I was reading Owen Rutter’s 1922 work, British North Borneo: An Account of its History, Resources, and Native Tribes, when I came across an interesting account about a “native” story about orangutans. By “native,” Rutter was referring to people on Borneo other than Malays. There were many different groups of “native” peoples at the time, and I don’t know if the story he recounted came from one group, or if it was shared by many.

In any case, I’m just going to quote what he wrote (pgs. 13-14) and then comment at the end:


. . . the most interesting inhabitant of the Borneo jungle is so strangely human that it has earned the Malay name orang utan — man of the forest. In its native state it travels great distances in search of the fruit that is its food, moving deliberately and not flinging itself from branch to branch like the monkeys, yet capable of great speed.

It obtains its water from the leaves and rarely comes to earth. It is found only in Borneo and Sumatra, and in at least two distinct species, the larger, which attains great size and strength, being more common in Sarawak than North Borneo.

Unlike the gregarious monkeys, it lives in families, not herds, and makes a nest of twigs and boughs far up in the forest trees. When pursued and enraged it tears off branches and hurls them to the ground uttering its strange cry, half-belch half-coo, from which it gets its native name kogyu.


It is not strange that the orang utan should be the subject of native legends. There is one which tells of a native girl whom an orang utan carried off and kept a prisoner on the top of a lofty tree from which there was no escape. He treated her kindly, made her a nest amid the branches and every day would bring her fruit to eat and coconuts to drink.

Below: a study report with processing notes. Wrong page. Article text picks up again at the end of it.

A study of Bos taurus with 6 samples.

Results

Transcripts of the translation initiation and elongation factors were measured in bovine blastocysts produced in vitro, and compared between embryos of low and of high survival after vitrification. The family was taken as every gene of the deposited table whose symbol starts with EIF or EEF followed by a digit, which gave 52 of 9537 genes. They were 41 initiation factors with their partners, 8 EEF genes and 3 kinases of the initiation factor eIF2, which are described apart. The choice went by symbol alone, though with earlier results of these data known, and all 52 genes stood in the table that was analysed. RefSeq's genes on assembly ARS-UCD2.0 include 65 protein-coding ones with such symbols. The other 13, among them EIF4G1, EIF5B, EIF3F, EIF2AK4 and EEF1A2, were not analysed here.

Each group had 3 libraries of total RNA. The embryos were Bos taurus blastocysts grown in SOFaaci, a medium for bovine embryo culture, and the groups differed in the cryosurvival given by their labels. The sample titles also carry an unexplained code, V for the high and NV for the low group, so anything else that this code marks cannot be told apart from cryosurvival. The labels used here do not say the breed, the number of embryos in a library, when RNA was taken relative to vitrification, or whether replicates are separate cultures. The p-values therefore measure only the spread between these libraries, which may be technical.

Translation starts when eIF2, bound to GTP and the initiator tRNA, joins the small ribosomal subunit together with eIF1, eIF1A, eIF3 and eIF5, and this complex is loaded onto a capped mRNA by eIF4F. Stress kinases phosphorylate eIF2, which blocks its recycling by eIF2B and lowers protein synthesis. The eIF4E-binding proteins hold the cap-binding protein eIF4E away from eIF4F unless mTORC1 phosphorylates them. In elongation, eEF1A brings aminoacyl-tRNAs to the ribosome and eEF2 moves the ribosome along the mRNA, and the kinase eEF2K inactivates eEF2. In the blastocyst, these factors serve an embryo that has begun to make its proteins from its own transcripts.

In course of time she bore the jungle man a little son, part ape, part human being. Her heart grew even heavier than before at this shame she had brought into the world and she longed more than ever to be free.


At last she hit upon a plan, and when her captor was away she would patiently twist into a rope the fibre from the coconuts he brought her, hiding her work among the leaves, until there came a day when the rope was long enough to reach the ground. Quickly she slipped down and fled towards the sea, leaving the little babe behind.

But her jungle husband soon discovered her escape, and, just as she saw the blue sea dancing beyond the lattice of the jungle, she heard his howls of rage from the branches overhead as he followed, swinging from tree to tree; before he could reach the ground, however, she burst her way through to the coral beach and scrambled into a fishing-boat that, by the kindness of the fates, was putting out to sea.


The baffled ape went back to his leafy nest; in his rage he seized his strange son and tore him in two, flinging all that was human of him into the sea after his mother and all that was of the jungle back into the forest from whence he came.

But the man of the woods never caught his one-time bride again and to this day, when they hear that strange guttural cry far up in the jungle trees, the natives say, “There is Kogyu looking for his lost bride, to take her back to his leafy home.”


– As I was reading this, and having seen “Tangled,” the recent Disney version of the Rapunzel story, I was thinking that this would make a great animation film – a kind of “Borneo Rapunzel” in which a trapped girl escapes by using coconut fiber rather than hair.


Then I got to the part where the orangutan tears apart the baby. . . and realized that if it is made into a movie, it probably shouldn’t be for kids. But it is a great story, and would make for a great animation.


Animation is wonderful for visually depicting folk stories like this one where “the impossible” happens. Some people at Monash University have been creating such animations for stories that some of the indigenous peoples of Australia created in the past (including audio of the narration in an indigenous language).

I really like what they are doing, and as the story above indicates, there are many more great stories out there that could be animated like this.